Cidade Invicta, the “Unvanquished Victor”
Porto, Gaia and Foz de Douro
Porto A UNESCO World Heritage Site since 1996, Porto covers the hills flanking the Douro River and enchants the visitor with its old-world red-tiled roofs, beautiful tile work and Baroque architecture, with interiors dripping with gold. The medieval-looking Ribeira section of Porto, a UNESCO site, is flat and full of riverside cafés and restaurants, and faces Vila Nova de Gaia across the river. Gaia, as it is called, is home to the many port wine cellars where traditionally the port was aged before being shipped abroad. Porto is referred to as Cidade Invicta (“Unvanquished Victor”) by its inhabitants, which means a city that was never conquered by others.
Vila Nova de Gaia Home to the historic Port lodges and the hub of the Portugal’s port wine industry, Gaia faces Porto from across the Douro River. Here, you’ll be able to take a ride on the Teleférico de Gaia, the cable car that opened in 2011 and runs from the upper station at the Serra do Pilar Monastery, the white circular church on the Gaia side of the Dom Luis bridge, down to Avenida Ramos Pinto, at the river’s edge. The 5-minute ride across the tops of the Port lodges will offer you the opportunity for some spectacular photos of Porto and Gaia. One-way tickets are 6€. Rides begin at 10:00 year around.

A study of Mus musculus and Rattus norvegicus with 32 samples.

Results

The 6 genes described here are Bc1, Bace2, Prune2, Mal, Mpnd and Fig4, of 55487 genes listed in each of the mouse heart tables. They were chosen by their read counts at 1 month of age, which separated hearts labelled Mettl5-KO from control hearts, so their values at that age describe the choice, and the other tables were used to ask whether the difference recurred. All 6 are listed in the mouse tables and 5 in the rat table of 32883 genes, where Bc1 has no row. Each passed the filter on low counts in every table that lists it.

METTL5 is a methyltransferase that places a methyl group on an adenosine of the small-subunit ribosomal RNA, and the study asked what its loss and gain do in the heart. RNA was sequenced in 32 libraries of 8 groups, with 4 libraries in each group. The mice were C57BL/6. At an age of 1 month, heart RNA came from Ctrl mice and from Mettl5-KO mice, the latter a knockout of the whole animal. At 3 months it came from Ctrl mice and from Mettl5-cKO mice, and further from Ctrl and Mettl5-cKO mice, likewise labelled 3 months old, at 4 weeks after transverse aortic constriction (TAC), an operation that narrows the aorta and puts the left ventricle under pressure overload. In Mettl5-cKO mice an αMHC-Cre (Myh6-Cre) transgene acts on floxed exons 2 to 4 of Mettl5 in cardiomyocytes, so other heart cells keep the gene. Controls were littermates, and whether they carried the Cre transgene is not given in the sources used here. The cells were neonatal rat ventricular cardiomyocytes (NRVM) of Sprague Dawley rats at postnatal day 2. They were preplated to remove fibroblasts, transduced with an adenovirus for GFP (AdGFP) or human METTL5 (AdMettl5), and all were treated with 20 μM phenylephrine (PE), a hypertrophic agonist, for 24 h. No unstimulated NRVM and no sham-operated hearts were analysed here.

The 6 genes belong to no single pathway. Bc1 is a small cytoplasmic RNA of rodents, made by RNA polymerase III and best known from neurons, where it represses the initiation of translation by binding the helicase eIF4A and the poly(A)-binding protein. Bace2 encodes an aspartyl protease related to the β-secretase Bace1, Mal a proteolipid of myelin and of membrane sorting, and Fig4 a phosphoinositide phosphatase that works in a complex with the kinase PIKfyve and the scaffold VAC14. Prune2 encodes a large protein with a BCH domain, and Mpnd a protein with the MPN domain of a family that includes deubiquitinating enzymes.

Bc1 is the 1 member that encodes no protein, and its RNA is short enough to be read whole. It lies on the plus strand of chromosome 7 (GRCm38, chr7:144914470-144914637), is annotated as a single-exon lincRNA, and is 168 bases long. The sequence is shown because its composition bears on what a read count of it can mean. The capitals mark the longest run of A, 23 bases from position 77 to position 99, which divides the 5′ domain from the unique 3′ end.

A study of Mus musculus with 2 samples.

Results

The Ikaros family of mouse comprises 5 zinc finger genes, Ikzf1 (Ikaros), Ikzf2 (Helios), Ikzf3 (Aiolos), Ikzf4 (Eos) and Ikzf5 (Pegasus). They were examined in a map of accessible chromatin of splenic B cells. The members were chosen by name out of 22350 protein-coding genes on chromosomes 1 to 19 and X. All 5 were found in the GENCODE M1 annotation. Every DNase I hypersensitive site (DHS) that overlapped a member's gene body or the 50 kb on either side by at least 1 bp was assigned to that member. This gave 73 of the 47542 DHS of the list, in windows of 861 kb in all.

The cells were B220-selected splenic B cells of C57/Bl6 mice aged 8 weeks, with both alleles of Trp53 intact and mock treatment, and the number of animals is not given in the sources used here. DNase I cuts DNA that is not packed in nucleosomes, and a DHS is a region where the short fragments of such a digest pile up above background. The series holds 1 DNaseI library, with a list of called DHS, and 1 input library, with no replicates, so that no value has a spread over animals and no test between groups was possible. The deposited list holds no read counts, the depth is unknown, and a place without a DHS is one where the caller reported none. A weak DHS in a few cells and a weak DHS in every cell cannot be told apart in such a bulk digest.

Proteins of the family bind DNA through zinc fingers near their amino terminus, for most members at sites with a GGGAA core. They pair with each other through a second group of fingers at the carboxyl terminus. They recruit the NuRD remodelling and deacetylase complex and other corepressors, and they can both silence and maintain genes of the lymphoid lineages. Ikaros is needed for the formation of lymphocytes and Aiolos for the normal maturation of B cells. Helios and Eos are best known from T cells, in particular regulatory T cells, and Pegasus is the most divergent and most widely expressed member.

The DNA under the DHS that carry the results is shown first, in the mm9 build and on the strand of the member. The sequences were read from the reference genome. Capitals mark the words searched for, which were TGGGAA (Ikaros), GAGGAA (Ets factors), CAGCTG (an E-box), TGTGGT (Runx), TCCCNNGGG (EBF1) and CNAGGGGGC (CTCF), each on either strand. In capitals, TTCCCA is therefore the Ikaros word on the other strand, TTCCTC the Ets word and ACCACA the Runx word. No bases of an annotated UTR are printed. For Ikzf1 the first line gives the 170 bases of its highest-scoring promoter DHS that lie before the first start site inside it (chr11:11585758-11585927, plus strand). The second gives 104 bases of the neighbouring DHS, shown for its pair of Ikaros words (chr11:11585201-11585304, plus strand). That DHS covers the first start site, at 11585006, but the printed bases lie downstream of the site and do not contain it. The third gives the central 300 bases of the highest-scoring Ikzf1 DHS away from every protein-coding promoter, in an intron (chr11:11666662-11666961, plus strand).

Foz do Douro This prosperous suburb, the city’s wealthiest neighborhood, lies 5 kilometers west of the city center, on the north bank of the Douro River. It is where city dwellers flock to walk on the promenades or lounge on its expansive beaches, especially Praia dos Ingleses. At the confluence of the river and the ocean you’ll see the somewhat squat Forte de São João Baptista da Foz, the Castle of Sâo Joâo, the “cheese castle”. Beyond stretches several kilometers of beaches and coves with numerous cafes and bars and shops along Avenida do Brasil, the hub of Porto’s summer nightlife. The colorful streets of Old Foz behind the beachfront are quite atmospheric for wandering and contain a mixture of the Porto School contemporary architecture and old fishermen’s homes covered with colorful tiles, azulejos.